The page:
Babies and toddlers have small airways that are easily blocked. In addition, their reflexes are not well developed and their bodies are not very strong, so they may have difficulties getting themselves out of trouble.
If your child is choking or having trouble breathing, call an ambulance immediately.
There are a number of items in and around the home that present a choking, suffocation or strangulation risk to infants and young children.
Certain foods can be dangerous for young children because they are easily inhaled and block the breathing tubes. These include nuts, raw carrots and other hard vegetables, pieces of apple, popcorn, corn chips, lollies and grapes. Children under the age of three years may not have their
full set of teeth and can't chew properly, so any food that is small and firm is a choking hazard.
Any small object can choke children under three years. Make sure that young children cannot reach or play with:
Choose age-appropriate toys that are well made, as less sturdy toys can break easily into small parts. Avoid toys that have small parts, especially if they can be removed.
Young children can get caught in dangling curtain cords, which can strangle them. Where possible, use curtains with rods instead of cords.
Plastic bags, dry cleaning bags and plastic wrap are especially dangerous for young children. A child can easily suffocate if these items are pulled over their head.
Choose a firm, close-fitting mattress.
Do not leave a sleeping baby unsupervised in a pram. Babies can become trapped and suffocate.
Be aware that cords and drawstrings on clothing such as parkas and hooded windcheaters can catch on play equipment.
By law, doors of fridges and freezers must be removed before disposal in a tip (or on the nature strip outside the house awaiting collection). Make sure that this is done at home if the fridge is no longer in use.
It is recommended anyone caring for children should do a first aid course and learn infant and child cardiopulmonary resuscitation (CPR) in the case of an emergency.
In many cases, coughing will help dislodge the object.
If coughing doesn’t help dislodge the object, or the child
stops breathing at any time, call an ambulance. Follow the first aid steps outlined below.
Once the child is positioned appropriately:
If at any time the child becomes unconscious, call an
ambulance and start CPR.
Do not use the Heimlich manoeuvre (forceful squeezing of the
abdomen) at any time, as this can cause serious damage to internal organs.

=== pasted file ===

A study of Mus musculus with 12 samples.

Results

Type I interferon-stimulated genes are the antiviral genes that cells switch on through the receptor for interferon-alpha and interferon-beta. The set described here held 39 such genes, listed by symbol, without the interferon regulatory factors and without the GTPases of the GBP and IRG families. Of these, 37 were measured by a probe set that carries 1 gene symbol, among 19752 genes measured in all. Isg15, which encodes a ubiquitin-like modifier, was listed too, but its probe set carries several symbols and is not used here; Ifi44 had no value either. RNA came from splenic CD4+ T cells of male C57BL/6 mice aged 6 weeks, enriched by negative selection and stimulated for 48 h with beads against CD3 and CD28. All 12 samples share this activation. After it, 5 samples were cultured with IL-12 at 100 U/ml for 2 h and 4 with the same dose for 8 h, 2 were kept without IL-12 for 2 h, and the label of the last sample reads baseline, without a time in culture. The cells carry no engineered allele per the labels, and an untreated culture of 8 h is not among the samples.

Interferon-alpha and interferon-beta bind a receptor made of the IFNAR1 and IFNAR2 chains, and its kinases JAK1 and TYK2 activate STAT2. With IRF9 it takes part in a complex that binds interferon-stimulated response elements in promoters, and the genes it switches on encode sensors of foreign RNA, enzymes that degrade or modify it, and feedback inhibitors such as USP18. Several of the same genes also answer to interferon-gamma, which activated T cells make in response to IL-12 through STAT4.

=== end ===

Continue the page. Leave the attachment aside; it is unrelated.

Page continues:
Are amber teething necklaces safe for my baby?
Necklaces are not recommended for babies and young children. Even though most amber necklaces have knots in the cord between the beads, there is still a risk that one of the beads breaks off and your baby inhales it. There is also the risk that children can be strangled by the necklace if it
is worn during sleep or if it catches on furniture or play equipment. If it is important for you that your baby wears an amber necklace, then supervise your child carefully whenever the necklace is worn and always remove it before sleep.
How will I know if a toy is safe for my young child?
Avoid buying cheap toys from variety stores because they may not be made to acceptable safety standards. Also be careful when buying second hand toys, because they may be old and worn and likely to break. Also, they probably won't have the packaging, which gives important
safety information. Always follow the recommendations on toy packaging about the age for which the toy is suitable. Toys that state they are 'Not suitable for children under three' pose a choking risk – this is a safety message and doesn't relate to the child's intelligence or ability to work the toy.
Developed by The Royal Children's Hospital Safety Centre. We acknowledge the input of RCH consumers and carers. We acknowledge the input of RCH consumers and carers.
Reviewed July 2018.
This information is awaiting routine review. Please always seek the most recent advice from a registered and practising clinician.
Kids Health Info is supported by The Royal Children’s Hospital Foundation. To donate, visit
This information is intended to support, not replace, discussion with your doctor or healthcare professionals. The authors of these consumer health information handouts have made a considerable effort to ensure the information is accurate, up to date and easy to understand. The Royal Children's Hospital Melbourne accepts no responsibility for any inaccuracies, information perceived as misleading, or the success of any treatment regimen detailed in these handouts. Information contained in the handouts is updated regularly and therefore you should always check you are referring to the most recent version of the handout. The onus is on you, the user, to ensure that you have downloaded the most up-to-date version of a consumer health information handout.